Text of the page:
I would like to share with everyone some information about a software program I came across several years ago. It’s called Apophysis and you can use it to create fractal flames. You’ve almost certainly heard of fractals, but you might not know what they are.1 They are geometric patterns that have “self-similarity.” They are frequently formed by rules that repeat. It’s easier to understand with an example than with a description.
The Seirpinski Triangle2 is formed by making a triangle. Then you make three triangles half the size of the first triangle and place them so that their corners touch. Then you do the same thing again within each of the new triangles. Repeat. Repeat again. Keep doing this forever. Each step is called an iteration.
The top triangle was made using the program Apophysis. Then I zoomed in more closely in the upper left portion of the triangle. It’s hard to tell where I zoomed in, because the different areas resemble one another. That’s the self-similarity. The large triangle will be divided into smaller triangles to the extent it is physically possible to render it. If you zoom in, more triangles appear.
There a quite a few programs out there for making fractals. I once made some wallpaper (real wallpaper for walls, not computer screens) based on the Julia Set using Fractal Forge. It was quite beautiful, in my opinion, for what that’s worth.
Flames are created by an algorithm, a step by step recipe, for images and animations. Apophysis is a program for generating these images. The algorithm was written by Scott Draves. Draves’ code was translated by Ronald Hordijk and Mark Townsend created a graphical user interface to create the Apophysis program.
When you first open the program, a randomly generated group of flames appears in a list on the left and the highlighted flame is rendered in a pane on the right. Sometimes when I’m experiencing a creative block, I just like to look at the randomly generated images.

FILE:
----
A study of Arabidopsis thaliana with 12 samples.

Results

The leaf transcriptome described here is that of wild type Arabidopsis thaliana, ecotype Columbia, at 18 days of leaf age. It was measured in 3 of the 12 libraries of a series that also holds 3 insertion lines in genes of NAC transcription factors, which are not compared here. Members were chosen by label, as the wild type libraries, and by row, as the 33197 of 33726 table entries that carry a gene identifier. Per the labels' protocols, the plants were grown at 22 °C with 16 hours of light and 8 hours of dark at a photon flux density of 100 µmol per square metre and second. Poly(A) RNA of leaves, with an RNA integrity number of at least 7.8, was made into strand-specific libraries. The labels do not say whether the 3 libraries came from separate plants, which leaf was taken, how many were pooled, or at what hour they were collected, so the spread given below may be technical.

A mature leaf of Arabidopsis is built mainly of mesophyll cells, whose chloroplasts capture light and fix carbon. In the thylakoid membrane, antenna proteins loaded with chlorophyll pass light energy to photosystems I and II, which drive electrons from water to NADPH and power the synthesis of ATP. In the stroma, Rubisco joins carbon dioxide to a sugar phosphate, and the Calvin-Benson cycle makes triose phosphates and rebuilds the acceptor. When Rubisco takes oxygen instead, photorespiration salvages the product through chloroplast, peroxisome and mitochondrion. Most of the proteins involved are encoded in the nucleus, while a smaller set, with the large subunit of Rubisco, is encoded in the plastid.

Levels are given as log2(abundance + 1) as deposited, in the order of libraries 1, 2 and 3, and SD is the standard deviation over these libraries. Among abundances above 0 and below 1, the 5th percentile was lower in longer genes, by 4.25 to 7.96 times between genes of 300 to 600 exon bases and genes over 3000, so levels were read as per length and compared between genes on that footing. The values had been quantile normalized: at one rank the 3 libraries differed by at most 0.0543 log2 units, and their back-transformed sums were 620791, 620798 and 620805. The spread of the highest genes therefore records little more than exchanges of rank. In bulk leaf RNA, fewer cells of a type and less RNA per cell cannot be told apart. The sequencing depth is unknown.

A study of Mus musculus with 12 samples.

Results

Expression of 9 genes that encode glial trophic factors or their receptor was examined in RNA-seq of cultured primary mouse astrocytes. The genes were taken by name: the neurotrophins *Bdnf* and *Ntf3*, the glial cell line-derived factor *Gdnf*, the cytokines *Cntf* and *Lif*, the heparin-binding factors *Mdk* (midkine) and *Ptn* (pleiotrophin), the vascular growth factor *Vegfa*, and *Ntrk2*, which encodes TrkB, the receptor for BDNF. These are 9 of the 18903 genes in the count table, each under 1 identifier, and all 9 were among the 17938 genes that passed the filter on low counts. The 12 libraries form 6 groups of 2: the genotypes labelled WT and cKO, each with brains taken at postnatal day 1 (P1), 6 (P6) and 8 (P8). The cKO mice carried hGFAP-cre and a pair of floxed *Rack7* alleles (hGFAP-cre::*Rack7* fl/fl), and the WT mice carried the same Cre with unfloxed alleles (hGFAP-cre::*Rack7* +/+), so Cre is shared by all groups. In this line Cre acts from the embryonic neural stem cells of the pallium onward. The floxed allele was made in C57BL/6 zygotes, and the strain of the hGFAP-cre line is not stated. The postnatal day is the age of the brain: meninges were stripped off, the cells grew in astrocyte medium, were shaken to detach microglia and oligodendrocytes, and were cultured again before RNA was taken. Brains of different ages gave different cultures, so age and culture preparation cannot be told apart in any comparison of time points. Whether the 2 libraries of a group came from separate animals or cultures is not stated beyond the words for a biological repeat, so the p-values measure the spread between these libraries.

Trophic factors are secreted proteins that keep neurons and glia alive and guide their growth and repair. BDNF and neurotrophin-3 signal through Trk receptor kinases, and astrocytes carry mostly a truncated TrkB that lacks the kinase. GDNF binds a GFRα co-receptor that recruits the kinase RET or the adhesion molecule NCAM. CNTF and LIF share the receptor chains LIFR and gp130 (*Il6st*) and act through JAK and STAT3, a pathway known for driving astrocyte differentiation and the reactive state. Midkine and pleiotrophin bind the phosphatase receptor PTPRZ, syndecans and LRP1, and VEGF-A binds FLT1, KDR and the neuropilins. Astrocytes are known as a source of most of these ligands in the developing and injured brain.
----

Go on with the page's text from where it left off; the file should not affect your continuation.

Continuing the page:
The default background is black and the gradients to color the flame are randomly chosen, but they are easy to change and probably one of the first things you’ll try.
Another really fun and easy thing to do is to open the options panel (ctrl+p) and under the tab marked random choose forced symmetry. For type pick rotational or dihedral. This will make manadala-like images.
If these changes have whetted your appetite for more control, open the editor window (F4). There’s a lot to play with here. From here I leave you on your own to experiment. There are quite a few how-to‘s out there. Following someone else’s directions might not feel very creative, but it’s a great way to learn what all of the options do.
This final image is one iteration of an idea for a mural for my dining alcove.
All images in this post, including the Sierpinsky Triangle were made using Apophysis. Most I did today using Apophysis 7X. Apophysis 2.09, another current version, currently has some display problems on my computer, so I suggest Apophysis 7X for the time being. Oh, right, it’s free.
- I’m trying to keep the description as simple as possible. If anyone would like to add more information in the comments, please do.
- Also known as the Sierpinski Gasket.